Ethereum, traded through the digital token ether, and litecoin could be about to join bitcoin in the futures market after U.S. retail brokerage TD Ameritrade announced it is investing in new cryptocurrency exchange, ErisX.
TD Ameritrade’s 11 million clients are already able to trade bitcoin futures over the Chicago Board Options Exchange (CBOE) Futures Exchange after both the CME Group and CBOE introduced them in December last year.
The development could be a good sign for the ethereum price, which has struggled throughout 2017, falling more than 80% from its peak in January.
ErisX plans to launch spot trading in the first half of 2019, with physically settled futures to launch later next year.
“It could open up additional cryptocurrency products on the future and spot side that our clients could potentially trade,” J.B. Mackenzie, TD Ameritrade’s managing director of futures and foreign exchange, told Reuters.
“We continue to see our retail clients seeking access to trade digital currency products,” Mackenzie said, speaking this time to CNBC. “We wanted to find a platform that would be fully regulated, and something that has that capital markets feel.”
While many are excited to see how ethereum and litecoin futures affect the market, the introduction of futures trading has not been enough to stem bitcoin’s losses this year. Bitcoin is down some 60% from its highs at the end of 2017 as investors lose patience waiting on much anticipated institutional money to enter the market.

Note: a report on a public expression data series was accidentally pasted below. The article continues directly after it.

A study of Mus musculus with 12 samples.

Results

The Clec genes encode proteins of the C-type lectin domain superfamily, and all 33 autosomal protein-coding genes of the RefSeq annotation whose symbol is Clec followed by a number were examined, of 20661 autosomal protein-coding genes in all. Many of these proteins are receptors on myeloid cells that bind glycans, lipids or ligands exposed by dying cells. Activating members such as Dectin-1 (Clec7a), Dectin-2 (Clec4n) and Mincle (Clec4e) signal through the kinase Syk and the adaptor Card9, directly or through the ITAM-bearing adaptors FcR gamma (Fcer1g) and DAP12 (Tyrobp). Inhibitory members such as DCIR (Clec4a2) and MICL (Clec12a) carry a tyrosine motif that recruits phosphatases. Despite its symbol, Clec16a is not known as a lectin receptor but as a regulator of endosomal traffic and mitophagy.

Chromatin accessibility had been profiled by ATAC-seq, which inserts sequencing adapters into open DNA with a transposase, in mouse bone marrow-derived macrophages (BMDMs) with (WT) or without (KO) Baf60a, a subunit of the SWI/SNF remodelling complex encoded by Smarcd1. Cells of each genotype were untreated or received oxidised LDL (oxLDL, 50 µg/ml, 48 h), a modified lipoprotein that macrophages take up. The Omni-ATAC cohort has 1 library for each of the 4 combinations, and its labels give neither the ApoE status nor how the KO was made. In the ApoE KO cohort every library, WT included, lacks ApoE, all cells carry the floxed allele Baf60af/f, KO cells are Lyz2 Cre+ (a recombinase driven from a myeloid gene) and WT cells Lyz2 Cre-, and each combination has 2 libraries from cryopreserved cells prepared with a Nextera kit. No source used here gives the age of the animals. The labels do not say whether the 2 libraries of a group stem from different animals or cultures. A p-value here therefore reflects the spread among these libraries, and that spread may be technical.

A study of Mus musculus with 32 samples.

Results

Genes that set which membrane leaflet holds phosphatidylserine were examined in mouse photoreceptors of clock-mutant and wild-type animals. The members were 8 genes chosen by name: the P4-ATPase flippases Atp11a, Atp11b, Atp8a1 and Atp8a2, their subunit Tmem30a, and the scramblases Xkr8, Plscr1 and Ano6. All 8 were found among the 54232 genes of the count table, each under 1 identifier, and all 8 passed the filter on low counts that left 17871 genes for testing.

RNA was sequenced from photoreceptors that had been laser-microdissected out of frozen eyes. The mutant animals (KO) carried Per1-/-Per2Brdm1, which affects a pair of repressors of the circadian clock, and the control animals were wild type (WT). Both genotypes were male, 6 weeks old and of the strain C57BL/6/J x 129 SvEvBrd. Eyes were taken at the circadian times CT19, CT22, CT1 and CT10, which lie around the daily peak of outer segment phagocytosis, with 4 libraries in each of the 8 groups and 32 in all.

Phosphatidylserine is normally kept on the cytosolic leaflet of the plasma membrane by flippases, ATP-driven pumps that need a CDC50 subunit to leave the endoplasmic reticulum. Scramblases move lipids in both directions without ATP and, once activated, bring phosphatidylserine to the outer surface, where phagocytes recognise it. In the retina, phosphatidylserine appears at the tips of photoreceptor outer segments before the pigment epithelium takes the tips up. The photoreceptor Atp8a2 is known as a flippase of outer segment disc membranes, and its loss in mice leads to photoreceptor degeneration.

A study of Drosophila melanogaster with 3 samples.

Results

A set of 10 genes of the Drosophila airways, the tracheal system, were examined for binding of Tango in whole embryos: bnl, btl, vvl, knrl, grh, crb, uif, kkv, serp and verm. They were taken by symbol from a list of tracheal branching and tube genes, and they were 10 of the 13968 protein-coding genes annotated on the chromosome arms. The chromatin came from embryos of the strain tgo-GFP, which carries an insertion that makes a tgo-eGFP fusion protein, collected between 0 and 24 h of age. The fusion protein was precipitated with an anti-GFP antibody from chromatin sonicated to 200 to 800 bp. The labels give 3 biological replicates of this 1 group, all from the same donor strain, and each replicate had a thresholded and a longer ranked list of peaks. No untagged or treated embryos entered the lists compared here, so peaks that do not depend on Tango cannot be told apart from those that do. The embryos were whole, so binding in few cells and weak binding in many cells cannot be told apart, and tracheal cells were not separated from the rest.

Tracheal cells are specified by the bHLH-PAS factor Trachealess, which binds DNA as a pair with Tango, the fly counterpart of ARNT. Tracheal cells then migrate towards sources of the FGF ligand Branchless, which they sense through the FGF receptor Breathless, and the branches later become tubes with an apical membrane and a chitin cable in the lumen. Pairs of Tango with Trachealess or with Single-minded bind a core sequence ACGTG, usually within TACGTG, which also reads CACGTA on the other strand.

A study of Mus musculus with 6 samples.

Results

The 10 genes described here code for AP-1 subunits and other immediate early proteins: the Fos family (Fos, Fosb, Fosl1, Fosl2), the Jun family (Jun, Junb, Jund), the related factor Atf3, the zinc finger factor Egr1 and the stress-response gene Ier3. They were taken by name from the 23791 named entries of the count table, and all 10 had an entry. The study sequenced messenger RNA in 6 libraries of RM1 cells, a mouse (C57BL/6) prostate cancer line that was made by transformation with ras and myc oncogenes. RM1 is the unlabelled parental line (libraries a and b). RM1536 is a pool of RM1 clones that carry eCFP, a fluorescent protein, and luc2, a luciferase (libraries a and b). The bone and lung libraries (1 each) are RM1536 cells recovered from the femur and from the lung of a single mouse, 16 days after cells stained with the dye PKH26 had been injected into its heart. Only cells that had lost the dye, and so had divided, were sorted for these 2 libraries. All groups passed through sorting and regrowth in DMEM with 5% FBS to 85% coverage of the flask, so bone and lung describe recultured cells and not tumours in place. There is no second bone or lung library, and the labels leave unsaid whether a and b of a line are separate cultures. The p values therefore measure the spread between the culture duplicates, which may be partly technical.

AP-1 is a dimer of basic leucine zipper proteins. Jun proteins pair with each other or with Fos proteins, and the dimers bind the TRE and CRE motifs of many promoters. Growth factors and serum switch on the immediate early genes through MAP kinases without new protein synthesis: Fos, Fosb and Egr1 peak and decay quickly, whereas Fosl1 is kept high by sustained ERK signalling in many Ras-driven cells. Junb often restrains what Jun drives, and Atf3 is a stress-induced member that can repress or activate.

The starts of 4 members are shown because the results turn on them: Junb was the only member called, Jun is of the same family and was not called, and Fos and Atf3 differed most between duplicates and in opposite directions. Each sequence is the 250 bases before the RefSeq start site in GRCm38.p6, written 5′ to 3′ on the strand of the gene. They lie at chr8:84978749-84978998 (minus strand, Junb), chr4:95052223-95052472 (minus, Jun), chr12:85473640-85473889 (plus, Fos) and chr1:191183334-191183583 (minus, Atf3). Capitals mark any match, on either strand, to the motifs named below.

When the CBOE launched bitcoin futures trading back in December it attracted so much trading volume that the CBOE website temporarily went down — it seems unlikely ethereum and litecoin futures will generate the same level of interest.
Thomas Chippas, former head of global quantitative execution at Citi, has joined as chief executive of ErisX, which is part of traditional futures market Eris Exchange, and is the latest traditional banking executive to make the move to the blossoming cryptocurrency industry.
Meanwhile, it has emerged the sell-off of ethereum so far this year might not be due to investors backing out of smaller initial coin offerings (ICOs), as previously thought.
A report out this week suggests that among 200 of the biggest ICOs, on average, most projects have already converted what they had raised in crypto into fiat currency.
In August Bloomberg reported that ICOs using the ethereum blockchain could be to blame for its decline as some of those projects cash out to cover expenses and on fears this year’s cryptocurrency bear market will drag on.
According to Bitmex, the exchange which authored this latest report, the ethereum-hosted projects it examined collectively still hold 3.8 million ethereum, around one-quarter of the crypto total that they originally raised.
Bitmex found the deficit between total ethereum raised and the total amount of ethereum cashed into fiat is just $11 million. Estimated unrealized ethereum gains — that is crypto raised that hasn’t been cashed out — stands at $93 million.